Assos Fortress

Photo: fiftyfits

'one of the largest castles in Greece'.

Perched on the north west coast of Kefalonia, the Assos fortress is the larger of two beautiful castles on the island and is one of the largest in Greece. Building began in 1593, and today huge walls hug the contours of the terrain and provide memorable views from every angle. We strongly suggest that you attempt the terrifying journey to the summit.

The word 'stunning' is often overused in the world of travel writing. Few vistas can be described as truly stunning, but the fortress at Assos is certainly a contender. The experience has to be fairly impressive to justify the rather terrifying approach to this 16 century castle. More on this later.

Ancient builders got cracking in 1593 under the watchful eye of Ambrosius Cornelius. It was constructed following a petition in 1584 by islanders who were concerned that the existing castle (the castle of St George) was too small to decent the whole island. The building of the new fortress coincincided with ambitious Venician plans to better protect their territories in the east. The idea was to eventually build a small city from within the fortress walls.

Assos is unusual in the fact that it has remained virtually the same size throughout history. Even today, the quaint harbour is home to around 100 people. Despite the Venician wish to house residents within the fortress walls, it never really caught on. Islanders were understandably reluctant to move away from their charming seafront.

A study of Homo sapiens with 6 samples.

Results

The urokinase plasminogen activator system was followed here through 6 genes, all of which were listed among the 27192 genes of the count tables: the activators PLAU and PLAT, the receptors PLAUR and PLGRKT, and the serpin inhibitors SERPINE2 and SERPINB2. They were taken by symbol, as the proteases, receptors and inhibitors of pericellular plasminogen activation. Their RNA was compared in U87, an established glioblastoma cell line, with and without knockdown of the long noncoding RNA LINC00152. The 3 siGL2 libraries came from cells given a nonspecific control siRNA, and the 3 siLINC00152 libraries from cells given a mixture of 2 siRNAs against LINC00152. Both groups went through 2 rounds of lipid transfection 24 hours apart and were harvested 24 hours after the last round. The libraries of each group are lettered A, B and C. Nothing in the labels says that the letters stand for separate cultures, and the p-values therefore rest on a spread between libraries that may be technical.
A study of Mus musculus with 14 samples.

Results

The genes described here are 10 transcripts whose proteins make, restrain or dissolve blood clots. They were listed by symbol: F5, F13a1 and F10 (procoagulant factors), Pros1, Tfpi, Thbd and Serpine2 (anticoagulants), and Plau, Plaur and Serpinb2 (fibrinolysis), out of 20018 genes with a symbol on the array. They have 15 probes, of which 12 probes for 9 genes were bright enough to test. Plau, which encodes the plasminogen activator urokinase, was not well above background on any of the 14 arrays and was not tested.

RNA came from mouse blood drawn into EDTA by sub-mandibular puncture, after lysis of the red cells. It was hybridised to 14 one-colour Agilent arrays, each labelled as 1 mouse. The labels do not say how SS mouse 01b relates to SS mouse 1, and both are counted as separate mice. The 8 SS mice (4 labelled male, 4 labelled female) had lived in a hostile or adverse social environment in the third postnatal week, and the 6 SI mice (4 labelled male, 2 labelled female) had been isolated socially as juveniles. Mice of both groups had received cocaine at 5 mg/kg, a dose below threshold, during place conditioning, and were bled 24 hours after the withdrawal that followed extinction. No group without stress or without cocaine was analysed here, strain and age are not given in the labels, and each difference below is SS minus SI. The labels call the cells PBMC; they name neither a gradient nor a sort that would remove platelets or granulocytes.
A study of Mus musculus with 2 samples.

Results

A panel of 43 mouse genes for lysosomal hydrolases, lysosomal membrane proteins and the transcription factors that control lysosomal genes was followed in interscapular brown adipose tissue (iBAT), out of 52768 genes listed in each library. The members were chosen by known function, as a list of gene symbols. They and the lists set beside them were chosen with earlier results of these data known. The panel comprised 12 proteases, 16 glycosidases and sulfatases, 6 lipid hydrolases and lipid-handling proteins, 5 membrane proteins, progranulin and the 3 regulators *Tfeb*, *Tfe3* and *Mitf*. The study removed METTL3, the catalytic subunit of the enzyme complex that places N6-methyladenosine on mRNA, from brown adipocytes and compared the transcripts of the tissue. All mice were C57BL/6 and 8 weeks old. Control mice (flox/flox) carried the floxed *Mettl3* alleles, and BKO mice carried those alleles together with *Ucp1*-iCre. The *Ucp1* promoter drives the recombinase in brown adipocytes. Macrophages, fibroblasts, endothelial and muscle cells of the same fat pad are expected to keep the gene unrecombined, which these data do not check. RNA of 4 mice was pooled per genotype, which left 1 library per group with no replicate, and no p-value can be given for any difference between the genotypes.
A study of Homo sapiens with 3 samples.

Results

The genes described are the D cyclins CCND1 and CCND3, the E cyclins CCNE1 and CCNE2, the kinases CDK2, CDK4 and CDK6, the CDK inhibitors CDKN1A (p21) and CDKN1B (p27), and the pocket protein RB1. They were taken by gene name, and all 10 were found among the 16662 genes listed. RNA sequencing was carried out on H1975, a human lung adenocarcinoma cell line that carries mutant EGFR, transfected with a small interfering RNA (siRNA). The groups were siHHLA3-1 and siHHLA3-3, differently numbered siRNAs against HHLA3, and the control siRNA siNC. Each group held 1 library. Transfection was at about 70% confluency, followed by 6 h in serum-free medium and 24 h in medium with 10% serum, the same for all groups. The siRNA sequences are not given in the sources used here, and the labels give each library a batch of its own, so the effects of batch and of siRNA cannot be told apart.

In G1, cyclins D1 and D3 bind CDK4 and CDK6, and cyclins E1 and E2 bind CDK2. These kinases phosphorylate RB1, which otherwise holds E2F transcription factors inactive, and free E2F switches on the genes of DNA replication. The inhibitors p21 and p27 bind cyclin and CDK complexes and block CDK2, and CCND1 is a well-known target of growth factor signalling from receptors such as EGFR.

Getting to Assos Fortress can be challenging. You can either zigzag your way through dense woodland (there are a few paths, but signage is fairly poor), or drive on fairly terrifying roads and tracks. Those attempting the journey on foot are advised to take plenty of fluids, as there are few amenities when you get to the top.

Holidaymakers brave enough to do the journey in a vehicle are advised to take care. The road surface tends to be loose and edges have crumbled away in various places. There are many sections of the route where it would be impossible for two cars to pass safely.

Assuming you manage not to plunge off into a ravine, the journey should take you around 20 minutes. Passengers should be armed with cameras at all times as some of the best views can be seen during the journey. These include the tiny chapel of Panayia Plakoula which is tucked into the hillside underneath the fortress. A quick search on Flickr for 'Assos Fortress' will reveal some of the magnificent snaps other tourists have taken.

Once you get to the top you can explore the fortress itself, and it won't cost you a penny. The outside walls are in a pretty good state considering it's been abandoned for over half a century, but also survived the well-documented disastrous earthquake, which struck in August 1953.

Passing through entrance via a curved tunnel allows you to explore inside the outer walls. Being honest, this isn't overly exciting. Wild vegetation hides the 200 homes and 65 buildings which original stood at the site. However there are the remains of a small Catholic Church which was constructed in 1604.

Towards the middle of the Fortress it is still possible to make out ruins of a prison with some cells still remaining along with parts of an impressive Venetian building. Until the late 1960s, the Destounis family still lived in this part of the fortress.

At the end of the second world war, parts of the fortress were converted into a prison farm. This housed mainly political prisoners who would while away the hours tending the vineyards and crops of cereal. Sections of the prison are still intact despite it closing in 1953.